This is the historic old quarter of Bogota, located directly beneath the city’s most prominent landmark, Cerro Monserrate. Many of Bogota’s sites of interest are situated here, along with dozens of hotels and restaurants. Among the most popular are the Gold Museum, Botero Museum, and the church of San Francisco. There are dozens more, and this is the most scenic, and architecturally pleasing part of the metropolis. Personally, riding the tram or cog railway up the 2000 foot high face of Monserrate should not be missed, regardless of the weather.
The streets of Candelaria are mainly rough cobblestones, so comfortable footwear is a must. In addition, some of the streets are exceedingly steep, so much so that many taxis refuse to navigate them. Many could be skied if covered with snow. It is a very walkable neighborhood, as long as you watch where you’re going and pay attention to the many holes and assorted obstacles. In addition, it is home to many poor residents, desperate for anything that helps them survive, and wandering around alone at night is definitely not recommended. During the day, the barrio is heavily patrolled by police and is reasonably safe.
There are several plazas that merit a visit, and the two most interesting are Plaza del Chorro del Quevado, and just a couple of blocks away, the massive Plaza de Bolivar. The former is almost as high up as you can get the steep streets below Monserrate, heaped with history, and a very popular gathering place for musicians, surrounded by cafes and beautiful vintage buildings. It’s close to many of the hotels and hostels in the area, and adjacent to a couple of narrow alleys that abound with shops selling very funky arts and crafts. The pizza slices available here are excellent, huge, and cheap, hot and crocante straight out of the oven.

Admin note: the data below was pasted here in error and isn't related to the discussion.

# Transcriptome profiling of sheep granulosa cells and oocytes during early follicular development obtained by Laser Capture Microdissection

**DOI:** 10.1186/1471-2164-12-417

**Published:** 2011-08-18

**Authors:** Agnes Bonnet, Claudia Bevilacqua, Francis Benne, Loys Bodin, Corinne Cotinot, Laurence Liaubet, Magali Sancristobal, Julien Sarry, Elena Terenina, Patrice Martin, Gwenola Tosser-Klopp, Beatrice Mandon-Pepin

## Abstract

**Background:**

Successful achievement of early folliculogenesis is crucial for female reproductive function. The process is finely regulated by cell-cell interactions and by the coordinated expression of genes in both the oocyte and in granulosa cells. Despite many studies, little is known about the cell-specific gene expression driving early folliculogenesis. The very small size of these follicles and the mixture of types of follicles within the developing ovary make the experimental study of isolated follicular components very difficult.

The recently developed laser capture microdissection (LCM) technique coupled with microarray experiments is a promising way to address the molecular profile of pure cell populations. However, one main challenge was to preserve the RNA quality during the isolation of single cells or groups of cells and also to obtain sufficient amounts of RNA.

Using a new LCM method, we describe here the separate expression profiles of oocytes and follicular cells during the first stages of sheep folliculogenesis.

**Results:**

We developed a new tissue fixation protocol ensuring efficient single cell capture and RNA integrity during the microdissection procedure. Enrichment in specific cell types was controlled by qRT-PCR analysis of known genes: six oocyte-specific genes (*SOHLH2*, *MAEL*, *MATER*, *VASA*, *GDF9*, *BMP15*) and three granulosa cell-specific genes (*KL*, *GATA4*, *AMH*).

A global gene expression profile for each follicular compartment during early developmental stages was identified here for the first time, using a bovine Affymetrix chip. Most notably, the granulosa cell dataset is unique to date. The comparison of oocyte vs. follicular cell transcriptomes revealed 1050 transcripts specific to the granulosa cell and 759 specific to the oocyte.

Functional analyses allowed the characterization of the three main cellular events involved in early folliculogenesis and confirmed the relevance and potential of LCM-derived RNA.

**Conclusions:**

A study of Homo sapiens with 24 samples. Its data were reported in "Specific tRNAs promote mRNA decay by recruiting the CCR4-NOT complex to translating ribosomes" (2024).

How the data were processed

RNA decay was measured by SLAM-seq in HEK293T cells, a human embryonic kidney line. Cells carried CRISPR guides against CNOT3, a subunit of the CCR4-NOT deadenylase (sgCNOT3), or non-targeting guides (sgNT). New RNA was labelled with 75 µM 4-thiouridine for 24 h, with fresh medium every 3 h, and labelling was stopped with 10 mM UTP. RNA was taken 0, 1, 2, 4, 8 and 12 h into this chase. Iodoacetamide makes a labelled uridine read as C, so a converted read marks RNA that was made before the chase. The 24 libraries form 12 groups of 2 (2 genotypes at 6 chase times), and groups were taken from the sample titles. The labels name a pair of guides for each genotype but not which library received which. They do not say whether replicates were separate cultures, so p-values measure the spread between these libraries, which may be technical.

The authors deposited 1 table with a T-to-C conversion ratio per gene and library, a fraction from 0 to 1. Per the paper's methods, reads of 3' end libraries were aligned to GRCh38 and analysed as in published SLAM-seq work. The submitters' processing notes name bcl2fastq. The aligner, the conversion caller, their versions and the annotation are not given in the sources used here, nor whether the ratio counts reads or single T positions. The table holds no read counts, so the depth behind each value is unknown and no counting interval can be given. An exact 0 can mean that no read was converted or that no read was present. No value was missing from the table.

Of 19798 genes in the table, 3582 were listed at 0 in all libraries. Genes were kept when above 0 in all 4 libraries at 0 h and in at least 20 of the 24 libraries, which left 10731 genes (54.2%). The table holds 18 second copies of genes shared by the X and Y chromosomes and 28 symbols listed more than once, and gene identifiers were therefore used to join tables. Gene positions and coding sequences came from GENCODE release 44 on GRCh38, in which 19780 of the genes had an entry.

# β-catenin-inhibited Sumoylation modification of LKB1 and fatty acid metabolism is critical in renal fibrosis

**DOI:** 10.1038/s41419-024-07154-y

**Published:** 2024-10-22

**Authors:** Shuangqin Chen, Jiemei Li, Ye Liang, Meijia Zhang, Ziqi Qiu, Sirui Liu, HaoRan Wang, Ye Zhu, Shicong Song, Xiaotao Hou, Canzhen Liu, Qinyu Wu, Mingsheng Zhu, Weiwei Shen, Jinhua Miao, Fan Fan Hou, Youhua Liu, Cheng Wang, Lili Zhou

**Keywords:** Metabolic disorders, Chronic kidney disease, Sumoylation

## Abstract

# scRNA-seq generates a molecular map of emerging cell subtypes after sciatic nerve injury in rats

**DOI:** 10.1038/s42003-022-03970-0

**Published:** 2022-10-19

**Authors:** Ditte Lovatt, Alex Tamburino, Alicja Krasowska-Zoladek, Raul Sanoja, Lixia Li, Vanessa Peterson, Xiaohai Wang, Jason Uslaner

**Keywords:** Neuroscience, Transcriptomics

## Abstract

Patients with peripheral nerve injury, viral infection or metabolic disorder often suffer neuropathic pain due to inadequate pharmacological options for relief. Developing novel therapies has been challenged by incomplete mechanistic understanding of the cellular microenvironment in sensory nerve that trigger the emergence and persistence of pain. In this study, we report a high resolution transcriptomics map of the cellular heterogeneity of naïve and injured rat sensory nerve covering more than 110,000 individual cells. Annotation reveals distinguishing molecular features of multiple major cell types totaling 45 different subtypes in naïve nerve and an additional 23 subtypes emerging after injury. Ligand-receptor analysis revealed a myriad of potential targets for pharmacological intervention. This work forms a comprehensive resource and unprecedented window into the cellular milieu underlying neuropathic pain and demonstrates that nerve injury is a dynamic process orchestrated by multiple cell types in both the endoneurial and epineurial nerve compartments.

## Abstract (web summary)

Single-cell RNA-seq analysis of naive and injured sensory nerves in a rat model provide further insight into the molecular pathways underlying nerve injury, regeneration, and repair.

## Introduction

Plaza Bolivar is home to the National Congress, National Cathedral, the Colombian Supreme Court and several other important looking buildings. It is often the site of both political demonstrations and performances from the army and Bogota’s Symphony Orchestra. This is the macro to Chorro de Quevados micro, and adjacent to Carrera 7, a dense pedestrian street with multitudes of vendors, selling every type of local specialty. The streets are chaotic with traffic and crowds sporadically, but this is a fine place to wander and work up an appetite.
Plaza Bolivar in the heart of Bogota
A great place to start exploring La Candelaria is from the top of Cerro Monserrate, looming over the city and impossible to miss. It is possible, and quite popular, to hike the trail to the summit, but this is an energetic trek that should be done in a group, as there have been robberies reported. The much easier option is to take the aerial tram, or very steep cog railway. Both are terrific rides, although the tram affords a better view as the railway spends much of the route in a tunnel. From the top the whole of Bogota is visible below and it’s a sight to behold. There is a pretty chapel, acclaimed restaurant, and several other shops providing souvenirs and refreshments. From this vantage point it’s easy to take in most of the major sites of La Candelaria directly below.
There are numerous dining and drinking choices in the old section, and several bars offer live entertainment. It’s the true dark heart of the city, and certainly nothing fancy, but if it’s bonafide Bogota that’s sought, La Candelaria is where it’s at.